Sunday, January 1, 2012

There is Something About Bridges

When I was young, images of the Golden Gate Bridge represented America in my mind. America was not symbolized in the all-welcoming draped woman holding an inviting message standing in the New York Harbor. Nor was America represented in the hat-wearing, finger-pointing image of a man soliciting help from his citizen nephews (and nieces). In fact, I think there were pictures of various family members posing near the Golden Gate Bridge that drew me to the land of the free. It has been many years since then, but my love for that bridge still stands. During my daily commute to Novato (from San Francisco), I happily drive on one of the two north-bound lanes across the bridge, and sometimes it dawns on me that the dreams of that young, bridge-admiring girl have come true.

Though that partly describes and validates my love for this great landmark, lately, I have been thinking about bridges in general. They are of everywhere and of no where, at once. Every morning, as I begin my drive on the GG bridge, I leave San Francisco County and embark towards Marin County, yet during the time that I am on the bridge, I am in neither county and yet in both --liminality explained in the most physical sense. Though I have clearly left the 7 mile by 7 mile squared piece of land, I am merely on the threshold of the next series of cities and towns that make up Marin County (and counties beyond that). Bridges defy boundaries in this way by refusing to succumb to our modern (and perhaps ever-present) desire to categorize and classify everything and everyone. They are long stretches of man-made connectors that translocate people from place to place over various bodies of water, but they, themselves, are of no location.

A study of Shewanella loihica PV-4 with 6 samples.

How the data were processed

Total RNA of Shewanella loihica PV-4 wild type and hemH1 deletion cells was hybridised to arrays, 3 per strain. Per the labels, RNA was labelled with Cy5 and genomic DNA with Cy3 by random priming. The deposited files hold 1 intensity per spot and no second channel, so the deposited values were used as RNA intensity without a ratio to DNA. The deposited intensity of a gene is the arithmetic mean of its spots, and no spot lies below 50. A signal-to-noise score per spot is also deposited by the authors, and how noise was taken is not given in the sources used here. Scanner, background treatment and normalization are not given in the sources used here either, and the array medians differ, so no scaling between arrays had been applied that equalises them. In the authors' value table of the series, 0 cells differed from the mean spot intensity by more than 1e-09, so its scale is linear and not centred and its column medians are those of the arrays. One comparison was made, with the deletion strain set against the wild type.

There is, moreover, a third reason why I so love bridges. What they have come to represent for me is human beings' desire to connect to one another, even when nature dictates a degree of separation. Bridges were our first attempts at social networking sites. Perhaps the very first bridge-builders would be surprised and proud or dubiously afraid of modern cyber affairs of that sort. Either way, bridges, I would argue, is where it all began. Where water stood uncompromingly between two masses of land, there was a person (or people) who dreamt of means to override nature's unyielding, inexorable demands, thus conceiving elongated structures of iron works that would raise a crude gesturing finger to oceans everywhere. "We will prevail," they seem to say. If we stand together and deeply desire to connect to each other in physical ways, without desperately seeking to segregate and isolate ourselves from other human beings, I wonder how else we can stand up to nature, even when circumstances seem, somehow, inauspicious.

I look forward to my mornings on the GG bridge, and this most famous SF landmark eases my commute to work. Though I have always admired this vermilioned piece of work, I think I have new reasons to appreciate it, along with its other sister-bridges, forevermore.